Chapter 5 - Hague as a Progressive
Part 2

By Mark S. Foster

Copyright 1967

Web version, edited by GET NJ.
Copyright 2002

Hague’s request for an extra $15,000 from the Board of Finance was turned down. He wasted no time in calling in the City Plan Engineer, who almost immediately produced evidence to support Hague’s claim that his appropriation was inadequate. Though Hague had been forced to lay off nearly half his men, the engineer reported that the streets had never been so clean. Even his long time critic, the Jersey Journal, swallowed its earlier criticism and sided with him. “It is useless to find fault with a public official if sufficient means are not provided for his work.”4 Hague, enjoying this unaccustomed praise, could not resist taking a verbal poke at Wittpenn. “Politics has entered into the problem - it is evident that Mayor Wittpenn does not propose to let me make good with the street cleaning.”5

In the meantime, Hague had reneged in his temporary support for Wilson. Hague’s reason was that Wilson insisted upon trying to interfere with local politics, and Hague felt this should be the responsibility of local citizens. Wilson feared that if he did not personally take charge of Hudson County, the Democracy would be divided and thus would be unable to deliver the large plurality he needed in November to offset normally Republican downstate New Jersey. Therefore, Wilson summoned Hague and several of his allies to Sea Girt, New Jersey, where he was taking a brief rest before the big campaign push. At Sea Girt, he laid down the law to Hague.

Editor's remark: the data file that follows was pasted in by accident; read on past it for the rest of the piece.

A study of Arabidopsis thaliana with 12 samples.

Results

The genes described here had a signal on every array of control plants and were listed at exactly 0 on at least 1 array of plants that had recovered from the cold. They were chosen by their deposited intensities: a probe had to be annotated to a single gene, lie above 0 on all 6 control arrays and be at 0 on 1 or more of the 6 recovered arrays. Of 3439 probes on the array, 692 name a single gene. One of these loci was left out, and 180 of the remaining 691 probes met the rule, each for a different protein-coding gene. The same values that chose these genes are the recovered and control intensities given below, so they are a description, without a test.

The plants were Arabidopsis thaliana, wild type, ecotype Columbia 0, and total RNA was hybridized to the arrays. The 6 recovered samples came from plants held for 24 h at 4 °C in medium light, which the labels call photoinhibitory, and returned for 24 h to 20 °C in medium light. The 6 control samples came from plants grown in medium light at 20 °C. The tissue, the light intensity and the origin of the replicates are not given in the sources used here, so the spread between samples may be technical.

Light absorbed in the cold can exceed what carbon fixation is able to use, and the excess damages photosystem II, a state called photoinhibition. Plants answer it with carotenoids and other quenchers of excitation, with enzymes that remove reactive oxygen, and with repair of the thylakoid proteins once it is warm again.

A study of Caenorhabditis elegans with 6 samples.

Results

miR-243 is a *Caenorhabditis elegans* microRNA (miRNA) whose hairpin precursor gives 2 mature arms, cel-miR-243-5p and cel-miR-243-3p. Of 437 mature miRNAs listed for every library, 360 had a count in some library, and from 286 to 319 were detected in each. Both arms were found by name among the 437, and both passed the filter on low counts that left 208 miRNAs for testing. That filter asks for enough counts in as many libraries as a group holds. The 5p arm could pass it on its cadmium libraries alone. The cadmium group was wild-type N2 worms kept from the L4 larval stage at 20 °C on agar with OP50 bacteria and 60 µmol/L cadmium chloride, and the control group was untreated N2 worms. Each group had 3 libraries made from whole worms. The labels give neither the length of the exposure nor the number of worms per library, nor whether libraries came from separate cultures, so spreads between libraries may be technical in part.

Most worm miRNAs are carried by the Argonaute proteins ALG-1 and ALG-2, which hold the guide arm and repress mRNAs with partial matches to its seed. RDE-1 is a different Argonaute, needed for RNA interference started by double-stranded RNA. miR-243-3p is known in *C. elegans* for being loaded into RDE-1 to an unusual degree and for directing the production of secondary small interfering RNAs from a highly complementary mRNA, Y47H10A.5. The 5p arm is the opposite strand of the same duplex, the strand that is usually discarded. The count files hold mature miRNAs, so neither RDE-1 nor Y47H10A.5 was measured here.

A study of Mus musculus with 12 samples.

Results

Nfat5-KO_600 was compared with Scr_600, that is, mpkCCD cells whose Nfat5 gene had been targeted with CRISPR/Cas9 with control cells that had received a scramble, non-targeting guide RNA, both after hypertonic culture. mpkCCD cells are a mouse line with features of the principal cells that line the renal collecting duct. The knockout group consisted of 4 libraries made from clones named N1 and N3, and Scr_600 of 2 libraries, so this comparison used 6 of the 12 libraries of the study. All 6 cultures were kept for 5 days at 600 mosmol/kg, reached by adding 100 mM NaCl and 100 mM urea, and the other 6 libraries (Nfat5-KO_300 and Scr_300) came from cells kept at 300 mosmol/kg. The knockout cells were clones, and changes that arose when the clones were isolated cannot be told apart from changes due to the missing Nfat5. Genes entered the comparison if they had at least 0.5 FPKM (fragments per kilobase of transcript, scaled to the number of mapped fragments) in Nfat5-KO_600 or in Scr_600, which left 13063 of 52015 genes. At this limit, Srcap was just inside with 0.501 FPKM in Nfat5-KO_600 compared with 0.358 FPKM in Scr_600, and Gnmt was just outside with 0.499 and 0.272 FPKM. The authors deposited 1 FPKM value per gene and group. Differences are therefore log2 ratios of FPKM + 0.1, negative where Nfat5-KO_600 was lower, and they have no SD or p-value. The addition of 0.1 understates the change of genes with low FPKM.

If you are with me, you will form no combinations with those who are against me at the presidential primaries…If Alexander is the only stumbling block to you from working in harmony with Mayor Wittpenn, I will see that Alexander is not a candidate. His petition will not be filed.6

Wilson, it appeared, was in favor of freely nominated and elected candidates, as long as this would not interfere with his own candidacy. Although he declared himself in favor of a “wide open primary” for state offices, he called James Smith’s possible election “the most fatal backward step the Democrats in the state could take.”7

Despite Wilson’s stern lecture, Hague and a number of his allies still decided to run a separate slate of county officers in the primaries. Wilson therefore decided to teach Hague a lesson. He came personally to Jersey City to stump for Wittpenn’s slate of candidates. Hague could not overcome Wilson’s great popularity, even though he campaigned with his usual vigor. His candidates were buried in the county primary. Hague was only able to nominate his own men in the second ward. There, even Wilson’s magic name could not shake loyalty to Hague. Knowledgeable political observers must have sensed that Wilson, not Wittpenn, had defeated Hague. Nevertheless, the less observant Jersey Journal called Wittpenn the “undisputed leader in Hudson County.”8 One should note that this source had recently written his epitaph.